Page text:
We have already documented the manner of the Legal Aid Society’s shedding of cases at arraignment. This chapter examines post-arraignment case shedding, which occurred when judges substituted 18-B Panel attorneys after the Society’s attorneys failed to appear or to undertake essential lawyering tasks. Substitution occurred despite the fact that the Society had arraigned a defendant and assumed responsibility for all subsequent representation. It also occurred when new appointments in non-conflict of interest cases were made in Supreme Court.
We first measure the extent to which the Legal Aid Society maintained representation in cases referred to it “for all purposes” at arraignment, and the extent to which it accepted new non-conflict cases that later required the appointment of counsel. Next, we examine two mechanisms – related to the representation provided by Society staff attorneys – that led to the replacement of the Society’s attorneys by 18-B Panel attorneys. Finally, we evaluate the Society’s explanation for the substitution of Society staff attorneys by Panel attorneys.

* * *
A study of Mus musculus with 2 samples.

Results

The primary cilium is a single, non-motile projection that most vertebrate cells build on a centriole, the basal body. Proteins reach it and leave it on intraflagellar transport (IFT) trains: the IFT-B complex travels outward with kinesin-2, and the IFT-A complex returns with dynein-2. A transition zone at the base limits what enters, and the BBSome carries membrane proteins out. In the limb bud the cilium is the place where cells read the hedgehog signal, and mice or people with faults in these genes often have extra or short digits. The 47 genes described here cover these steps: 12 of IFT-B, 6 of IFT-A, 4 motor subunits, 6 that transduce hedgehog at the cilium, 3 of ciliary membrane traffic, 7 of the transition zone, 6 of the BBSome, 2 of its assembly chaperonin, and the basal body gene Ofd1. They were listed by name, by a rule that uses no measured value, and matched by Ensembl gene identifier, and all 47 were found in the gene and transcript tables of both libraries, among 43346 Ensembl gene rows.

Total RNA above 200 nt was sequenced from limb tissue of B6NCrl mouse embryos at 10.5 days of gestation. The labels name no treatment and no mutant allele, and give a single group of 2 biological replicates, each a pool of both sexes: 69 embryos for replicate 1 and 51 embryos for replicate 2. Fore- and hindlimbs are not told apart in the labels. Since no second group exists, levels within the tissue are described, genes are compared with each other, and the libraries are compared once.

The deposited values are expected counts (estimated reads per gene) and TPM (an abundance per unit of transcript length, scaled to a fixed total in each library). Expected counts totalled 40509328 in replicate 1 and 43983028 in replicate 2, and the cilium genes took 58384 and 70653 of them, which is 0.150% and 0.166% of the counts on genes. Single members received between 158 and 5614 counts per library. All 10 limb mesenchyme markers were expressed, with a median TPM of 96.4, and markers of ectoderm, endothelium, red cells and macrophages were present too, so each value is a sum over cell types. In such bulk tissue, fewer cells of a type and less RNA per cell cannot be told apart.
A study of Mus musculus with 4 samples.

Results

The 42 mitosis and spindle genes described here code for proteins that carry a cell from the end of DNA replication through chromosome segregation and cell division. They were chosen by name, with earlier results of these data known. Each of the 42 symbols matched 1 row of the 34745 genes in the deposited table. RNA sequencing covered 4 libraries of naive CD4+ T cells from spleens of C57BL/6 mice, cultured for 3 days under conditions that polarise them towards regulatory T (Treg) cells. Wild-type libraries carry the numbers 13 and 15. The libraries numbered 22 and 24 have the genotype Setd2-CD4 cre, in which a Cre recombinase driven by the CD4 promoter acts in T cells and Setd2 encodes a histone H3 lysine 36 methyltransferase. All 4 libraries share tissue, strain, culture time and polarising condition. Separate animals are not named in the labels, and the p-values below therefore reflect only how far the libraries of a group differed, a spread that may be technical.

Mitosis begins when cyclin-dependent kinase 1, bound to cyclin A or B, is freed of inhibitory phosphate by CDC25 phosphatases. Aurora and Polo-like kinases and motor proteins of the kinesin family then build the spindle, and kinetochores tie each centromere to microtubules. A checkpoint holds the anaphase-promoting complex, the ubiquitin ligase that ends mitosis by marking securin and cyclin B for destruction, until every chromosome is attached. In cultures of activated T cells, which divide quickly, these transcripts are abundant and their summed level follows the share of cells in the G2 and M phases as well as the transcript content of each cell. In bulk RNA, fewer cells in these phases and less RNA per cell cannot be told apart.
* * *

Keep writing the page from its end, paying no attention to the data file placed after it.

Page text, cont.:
The effect of comparative costs of caseloads on distribution of cases between Panel and Society attorneys, and New York City's emphasis on cost efficiency.
Goals of the indigent defense system do not account for actual needs of defendants, leading to deficiencies within the system.
Click the PDF above for Appendices to Issue 15.4, Criminal Defense of the Poor in New York City.
Examines frequency of non-conflict cases that Legal Aid "sheds" to 18-B Panel attorneys at arraignment, and the quality of defense provided for such cases.